Brian Orakpo has the Lombardi, Nagurski and Hendricks trophies on his shelf. He has the All-American acclaim and the status of a first-round draft pick. And the rookie from Texas seems destined to start at strongside linebacker for the Washington Redskins this fall.
During last weekend’s minicamp, coach Jim Zorn said he envisions Orakpo manning that spot instead of defensive end, the position he played in college. Executive vice president Vinny Cerrato said before the draft that the 13th overall selection would be considered a starter.
So given that the Redskins targeted Orakpo for months and that left defensive end Phillip Daniels seems fully recovered from last year’s knee injury, Orakpo figures to replace departed five-year starter Marcus Washington on the strong side.
Holdovers H.B. Blades and Chris Wilson aren’t ceding the job to the newcomer, however, no matter how talented he is or how wealthy he soon will be.
“A first-round guy… [he’s] going to play right away,” said Blades, who started five games last season. “With the amount of money the organization invests in a first-round pick, he’s gotta play. [But] I don’t think they drafted him because I was a liability. They drafted him because he was the best player on the board. There’s always opportunity. I go in every day like I’m going to prove to these coaches that I belong on the field.”
Wilson, who made the Redskins in 2007 after two years in the Canadian Football League, is trying to prove he belongs at a new position. He switched from end to the strong side after Washington was released and ends Daniels and Renaldo Wynn re-signed.
“Orakpo, he’s a good player - you can see that already,” said Wilson, who had five sacks in limited duty on passing downs the past two seasons. “He’s a draft pick, and as things go he’s going to play, but at the same time I still think there’s an opportunity for me to play more, especially on first and second down.”
Perhaps. Orakpo figures to line up at end on obvious passing downs, but Wilson is about as green as the rookie at linebacker. And the Redskins went 1-4 in Blades’ five starts and 7-4 otherwise.
“H.B. played a lot for us a year ago and played pretty well,” linebackers coach Kirk Olivadotti said. “H.B. is always going to know what to do and do it in a physical fashion. Is it perfect? Maybe not, but I’ll take the smart, tough guy every time.”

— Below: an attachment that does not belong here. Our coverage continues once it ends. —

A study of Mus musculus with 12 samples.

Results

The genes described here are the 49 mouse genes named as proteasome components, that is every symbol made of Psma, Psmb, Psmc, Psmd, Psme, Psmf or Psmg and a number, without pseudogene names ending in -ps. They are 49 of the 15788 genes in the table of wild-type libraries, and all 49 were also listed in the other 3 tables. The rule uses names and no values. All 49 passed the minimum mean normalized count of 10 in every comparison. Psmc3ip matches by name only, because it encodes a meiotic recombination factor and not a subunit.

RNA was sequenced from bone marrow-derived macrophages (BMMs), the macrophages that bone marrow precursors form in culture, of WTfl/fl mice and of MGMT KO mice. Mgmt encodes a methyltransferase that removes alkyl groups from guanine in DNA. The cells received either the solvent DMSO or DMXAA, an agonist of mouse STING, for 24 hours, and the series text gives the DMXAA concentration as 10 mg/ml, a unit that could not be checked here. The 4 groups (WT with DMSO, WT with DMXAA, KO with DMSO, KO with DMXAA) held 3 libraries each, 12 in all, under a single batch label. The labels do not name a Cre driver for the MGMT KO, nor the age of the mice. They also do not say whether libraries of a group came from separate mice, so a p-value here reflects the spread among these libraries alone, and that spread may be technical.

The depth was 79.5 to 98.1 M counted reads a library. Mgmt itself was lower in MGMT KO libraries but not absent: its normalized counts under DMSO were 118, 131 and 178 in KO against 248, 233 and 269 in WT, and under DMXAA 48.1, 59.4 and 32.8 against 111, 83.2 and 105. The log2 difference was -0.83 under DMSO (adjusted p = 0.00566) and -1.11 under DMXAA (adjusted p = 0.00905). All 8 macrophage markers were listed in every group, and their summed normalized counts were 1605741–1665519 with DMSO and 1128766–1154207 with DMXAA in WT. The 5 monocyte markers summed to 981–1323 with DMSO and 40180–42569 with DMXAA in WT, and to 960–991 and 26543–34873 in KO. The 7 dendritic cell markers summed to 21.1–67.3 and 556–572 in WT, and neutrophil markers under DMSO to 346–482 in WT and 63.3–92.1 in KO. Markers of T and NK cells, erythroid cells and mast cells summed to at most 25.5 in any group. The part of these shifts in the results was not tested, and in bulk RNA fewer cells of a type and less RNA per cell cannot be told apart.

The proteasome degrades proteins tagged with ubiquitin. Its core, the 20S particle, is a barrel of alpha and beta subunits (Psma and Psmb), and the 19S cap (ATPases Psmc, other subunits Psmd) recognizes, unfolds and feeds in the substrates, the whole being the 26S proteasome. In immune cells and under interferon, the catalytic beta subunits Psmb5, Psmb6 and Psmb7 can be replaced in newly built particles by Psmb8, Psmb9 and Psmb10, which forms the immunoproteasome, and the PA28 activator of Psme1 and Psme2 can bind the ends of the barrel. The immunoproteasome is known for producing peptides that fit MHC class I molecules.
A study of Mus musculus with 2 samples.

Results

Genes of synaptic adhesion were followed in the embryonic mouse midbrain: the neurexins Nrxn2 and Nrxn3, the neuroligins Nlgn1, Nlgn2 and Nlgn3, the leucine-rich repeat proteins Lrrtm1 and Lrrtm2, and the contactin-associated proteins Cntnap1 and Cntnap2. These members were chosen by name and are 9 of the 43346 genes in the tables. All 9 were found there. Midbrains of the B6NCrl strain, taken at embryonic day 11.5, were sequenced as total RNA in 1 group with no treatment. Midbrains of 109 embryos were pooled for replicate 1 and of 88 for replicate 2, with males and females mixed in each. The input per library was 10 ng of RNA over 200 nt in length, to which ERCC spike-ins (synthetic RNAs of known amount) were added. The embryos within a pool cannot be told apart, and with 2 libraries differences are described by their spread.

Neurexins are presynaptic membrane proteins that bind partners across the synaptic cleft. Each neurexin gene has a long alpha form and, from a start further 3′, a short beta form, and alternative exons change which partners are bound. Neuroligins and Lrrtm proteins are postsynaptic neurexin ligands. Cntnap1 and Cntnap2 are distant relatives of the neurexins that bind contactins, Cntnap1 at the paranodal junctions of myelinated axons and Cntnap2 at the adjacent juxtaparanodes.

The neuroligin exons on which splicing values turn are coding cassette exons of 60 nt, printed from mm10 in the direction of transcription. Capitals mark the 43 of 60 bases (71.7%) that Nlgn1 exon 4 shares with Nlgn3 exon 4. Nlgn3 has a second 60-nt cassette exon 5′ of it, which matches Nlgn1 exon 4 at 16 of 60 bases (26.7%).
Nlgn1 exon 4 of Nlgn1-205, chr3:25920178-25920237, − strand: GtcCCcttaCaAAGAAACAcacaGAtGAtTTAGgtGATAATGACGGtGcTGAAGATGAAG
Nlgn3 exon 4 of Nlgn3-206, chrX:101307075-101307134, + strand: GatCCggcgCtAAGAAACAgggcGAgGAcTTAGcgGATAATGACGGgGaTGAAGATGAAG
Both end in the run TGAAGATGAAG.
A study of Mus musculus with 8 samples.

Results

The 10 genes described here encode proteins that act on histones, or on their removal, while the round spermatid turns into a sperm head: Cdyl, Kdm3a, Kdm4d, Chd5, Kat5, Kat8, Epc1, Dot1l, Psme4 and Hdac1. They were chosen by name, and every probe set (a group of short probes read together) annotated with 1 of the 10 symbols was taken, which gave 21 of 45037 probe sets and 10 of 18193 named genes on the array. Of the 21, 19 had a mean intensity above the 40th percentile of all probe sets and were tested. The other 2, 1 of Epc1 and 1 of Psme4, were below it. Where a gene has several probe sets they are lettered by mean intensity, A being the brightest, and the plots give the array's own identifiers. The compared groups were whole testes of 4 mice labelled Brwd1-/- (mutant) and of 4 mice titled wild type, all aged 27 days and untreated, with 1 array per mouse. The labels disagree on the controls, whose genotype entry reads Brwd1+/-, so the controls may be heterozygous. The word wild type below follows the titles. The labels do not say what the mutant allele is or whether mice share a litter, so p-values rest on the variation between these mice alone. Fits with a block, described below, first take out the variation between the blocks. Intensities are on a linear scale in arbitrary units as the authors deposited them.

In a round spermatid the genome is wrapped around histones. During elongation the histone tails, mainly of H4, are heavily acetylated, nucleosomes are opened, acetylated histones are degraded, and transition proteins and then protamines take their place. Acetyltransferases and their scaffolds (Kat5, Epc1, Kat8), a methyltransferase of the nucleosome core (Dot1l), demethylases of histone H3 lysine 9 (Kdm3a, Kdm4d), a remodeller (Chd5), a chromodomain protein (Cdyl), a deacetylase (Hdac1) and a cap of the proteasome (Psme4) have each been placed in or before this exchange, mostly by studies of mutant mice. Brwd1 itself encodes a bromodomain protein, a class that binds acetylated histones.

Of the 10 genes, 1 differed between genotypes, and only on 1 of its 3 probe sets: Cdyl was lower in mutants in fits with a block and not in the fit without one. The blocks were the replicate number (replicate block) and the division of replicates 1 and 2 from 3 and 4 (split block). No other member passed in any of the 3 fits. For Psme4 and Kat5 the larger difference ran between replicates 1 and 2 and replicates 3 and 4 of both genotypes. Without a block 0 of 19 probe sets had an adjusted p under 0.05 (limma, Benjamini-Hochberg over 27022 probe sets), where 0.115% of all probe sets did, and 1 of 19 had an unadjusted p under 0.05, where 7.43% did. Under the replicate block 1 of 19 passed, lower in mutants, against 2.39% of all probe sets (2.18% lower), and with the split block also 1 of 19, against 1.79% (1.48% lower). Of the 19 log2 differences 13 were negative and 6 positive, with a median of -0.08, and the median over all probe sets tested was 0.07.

But at 5-foot-10, Blades’ size could be a major negative when the Redskins face big tight ends.
“I know I’m short,” Blades said. “That’s what I’ve heard my whole life: I’m not tall enough, I’m not fast enough. But I am a football player.”
Blades is also a career linebacker who has played all three spots. Wilson, meanwhile, revels in his switch from end despite a serious learning curve.
“It’s a work in progress,” Wilson said. “I’m not like a fish out of water, but I ain’t swimming that well. Each day I’m learning more things to help me out techniquewise. I can just let everything develop before I react as opposed to being a lineman and as soon as the ball is snapped, it’s time to go. I think I’m falling in love with a new position. I like the running and looking at the whole game from a wider aspect, understanding where everybody fits as opposed to [just] understanding your gap control.”
Unfortunately for Wilson and Blades, Olivadotti said Orakpo did well during minicamp as he began to make the transition to playing in space, understanding where his help is in zone coverage and everything else that comes with playing outside linebacker.
Unless there are struggles at left end, the Redskins figure to go with Orakpo on the strong side no matter what Blades and Wilson do.